The Algarve has a rich and diverse landscape which includes sandy coastlines, wetlands, mountains, and Mediterranean landscapes, making it a favourable home to many resident birds as well as many visitors due to it being a major migration route.

Birdwatching is a wonderful way to spend your leisure time in the Algarve, and as the saying goes “the early bird gets the worm” it definitely applies with sightings being best in the morning. Some special species include white stork, crested lark, flamingos, spoonbill, purple swamphen, Hoopoe, bee-eaters to even owls, falcons, and eagles.

Some noteworthy locations for birdwatching in the Algarve include the Sapal nature reserve near Castro Marim and Vila Real de Santo António, the Ria Formosa Natural Reserve, Lagoa dos Salgados and Cape of St. Vincent, Sagres.

The Sapal Nature Reserve

Reserva Natural do Sapal de Castro Marim e de Vila Real de Santo António is the first nature reserve to be established in Portugal in 1975 and is one of the most popular birding spots in Europe. These wetlands have a rich variety of habitats with saltpans and mudflats. It is possible to see birds throughout the year, such as the White Stork, Spoonbills, Great Flamingo, and the Black Winged Stilt which is the most common specie there and was chosen as the symbol of the reserve.

Credits: Facebook; Author: Visit Portugal;

The Ria Formosa Natural Reserve

Parque Natural de Ria Formosa is not named one of the seven wonders of Portugal for nothing and comprises 18,400 hectares. Ria Formosa is the most popular spot for birdwatching and is considerably larger that the Sapal Nature Reserve. Ria Formosa’s Reserve is a protected area that has various habitats just to name a few: saltpans, dunes, and sandbanks meaning it has an active abundance of birdlife depending on the time of year, with over 300 species having been spotted here. The Purple Swamphen is the star of the park but it is also home to many species during migration.

Lands turismo na natureza cites “In autumn and winter bring Spoonbills, hundreds of Greater Flamingos, Audouin’s Gulls and Slender-billed Gulls and as many as 20 species of wading birds, including Stone-curlews. In spring/summer, local breeding species include European Bee-eaters, Red-necked Nightjar, Little Terns, Avocets, and Kentish Plovers.” There are also Ria Formosa Boat tours that you can do that allow you to experience birdwatching in a whole new way.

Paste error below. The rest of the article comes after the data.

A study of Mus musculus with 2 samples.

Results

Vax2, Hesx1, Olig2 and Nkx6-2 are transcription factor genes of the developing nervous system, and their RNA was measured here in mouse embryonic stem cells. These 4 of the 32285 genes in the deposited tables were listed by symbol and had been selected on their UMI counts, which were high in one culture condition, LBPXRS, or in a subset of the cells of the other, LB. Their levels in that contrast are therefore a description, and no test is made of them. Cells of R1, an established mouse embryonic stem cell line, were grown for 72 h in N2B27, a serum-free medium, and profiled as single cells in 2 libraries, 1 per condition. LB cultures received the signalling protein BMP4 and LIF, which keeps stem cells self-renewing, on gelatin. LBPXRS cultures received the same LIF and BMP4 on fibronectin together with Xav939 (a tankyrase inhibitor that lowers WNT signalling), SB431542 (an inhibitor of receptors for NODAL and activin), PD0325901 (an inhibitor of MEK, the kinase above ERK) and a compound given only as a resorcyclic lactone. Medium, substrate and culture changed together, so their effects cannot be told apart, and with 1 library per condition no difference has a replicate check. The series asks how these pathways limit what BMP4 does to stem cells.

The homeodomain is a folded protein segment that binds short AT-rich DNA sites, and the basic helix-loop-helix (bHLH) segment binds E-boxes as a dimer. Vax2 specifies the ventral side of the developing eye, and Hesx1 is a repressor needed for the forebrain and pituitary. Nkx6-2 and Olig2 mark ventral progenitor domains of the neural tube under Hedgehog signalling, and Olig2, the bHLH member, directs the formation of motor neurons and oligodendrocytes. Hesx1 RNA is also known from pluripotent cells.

Lagoa dos Salgados

Lagoa dos Salgados or also known as ‘Pera Marsh’ is a typical coastal lagoon and despite being smaller it is where over 200 species having been recorded, especially waterfowl, with some interesting species including Purple Swamphen and Squacco Heron making it a wonderful birding hotspot in the Algarve.

Cape of St. Vincent

According to Walk Algarve “A varied assortment of raptor, soaring, passerine and marine birds take centre stage between late August and mid-November. Among birds of prey, the most frequent migrants are Booted Eagle, Sparrowhawk, Short-toed Snake-eagle, Common and Honey Buzzards, Kestrel, and the rather impressive Griffon Vulture. However, the peninsula is also deservedly famous as a hotspot for threatened, vagrant, or rare species such as the Iberian Imperial Eagle (see also Cabranosa Birding Hotspot).”

“Cape St. Vincent also offers excellent opportunities to observe a variety of seabirds. Depending on the season, Balearic and Cory’s Shearwaters, Northern Gannets, Scoters, Great and Pomarine Skuas, Parasitic Skuas, Razorbills, and even (luck permitting) Grey Phalaropes can be relatively easy to identify from Cape St. Vincent.”

Credits: Unsplash; Author: Fabio Ballasina;

Additionally, Sagres hosts the largest birdwatching event in Portugal, which usually takes place at the start of October. The Birdwatching Festival’s diverse program makes it a very popular event, which includes lots of free-of-charge events, which include lectures, workshops, guided tours, observation walks, and educational talks.

Visit Algarve has a ‘birdwatching guide to the Algarve’ on their website, which was published by the Algarve Tourism Board, which has a plethora of information and 32 excursions which I feel is the best place to start if you are a beginner in the field or if you need any specific information. Additional information can be found on birdwatching tour companies' sites which include Walk Algarve, Algarve Birdman, and Algarve Birdwatching which offer expert tours.